Problem: The floor is broken up into fairly large sections that are separated by hairline cracks. When I walk on a section, it moves just a tiny bit, causing its edges to rub against adjacent sections. This results in annoying crunching and crackling sounds.
Objective: I want to eliminate the crunching/crackling sounds without the big expense and hassle of pouring a new gypcrete floor.
Assumption: A series of cement "plugs" along the crackline would provide the rigidity needed to prevent the sections from moving and rubbing against each other when stepped on.
Plan: 1. Drill 5/8" holes every foot or so into the cracks along the crackline (ie. not across them). The holes would be drilled at an angle of 30 degrees. The angle would alternate -- drill one hole at 30 degrees in one direction and drill the next hole at 30 degrees in the opposite direction. 2. After the holes are drilled, push a layer of thin plastic film into the holes to line them. The liner would keep the existing gypcrete separate from the new cement. The gypcrete and cement must be kept separate because the moisture from the new cement will break down the gypcrete and these materials are chemically incompatible with each other. 3. Squeeze quick-setting cement tightly into the holes and stay off floor until cement hardens.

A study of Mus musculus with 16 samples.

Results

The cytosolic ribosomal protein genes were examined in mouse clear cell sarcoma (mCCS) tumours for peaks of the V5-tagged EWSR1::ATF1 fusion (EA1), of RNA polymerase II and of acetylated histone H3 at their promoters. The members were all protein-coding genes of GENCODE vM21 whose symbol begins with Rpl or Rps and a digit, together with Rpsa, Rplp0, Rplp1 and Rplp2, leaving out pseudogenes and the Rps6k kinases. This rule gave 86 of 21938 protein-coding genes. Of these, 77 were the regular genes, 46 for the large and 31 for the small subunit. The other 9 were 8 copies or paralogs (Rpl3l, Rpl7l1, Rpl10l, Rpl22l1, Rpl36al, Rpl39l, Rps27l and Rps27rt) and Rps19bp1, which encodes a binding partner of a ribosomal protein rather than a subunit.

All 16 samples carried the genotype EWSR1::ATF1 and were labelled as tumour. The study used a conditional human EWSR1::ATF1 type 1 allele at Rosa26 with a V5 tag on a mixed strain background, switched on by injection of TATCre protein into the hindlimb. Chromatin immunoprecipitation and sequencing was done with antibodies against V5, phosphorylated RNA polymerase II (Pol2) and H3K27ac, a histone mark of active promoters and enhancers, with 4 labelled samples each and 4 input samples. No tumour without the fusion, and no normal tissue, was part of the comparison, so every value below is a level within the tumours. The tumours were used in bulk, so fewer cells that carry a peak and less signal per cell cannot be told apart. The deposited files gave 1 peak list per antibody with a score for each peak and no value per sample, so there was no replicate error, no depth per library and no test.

Considerations: Since the gypcrete is meant to prevent a fire from burning through the floor into the wood structure below, the "plug" material must be fireproof and have roughly the same heat-transference properties as gypcrete. Cement is used instead of gypcrete as a repair material because it's considerably more resistant to shear stresses than gypcrete.
Thanks in advance for all helpful replies.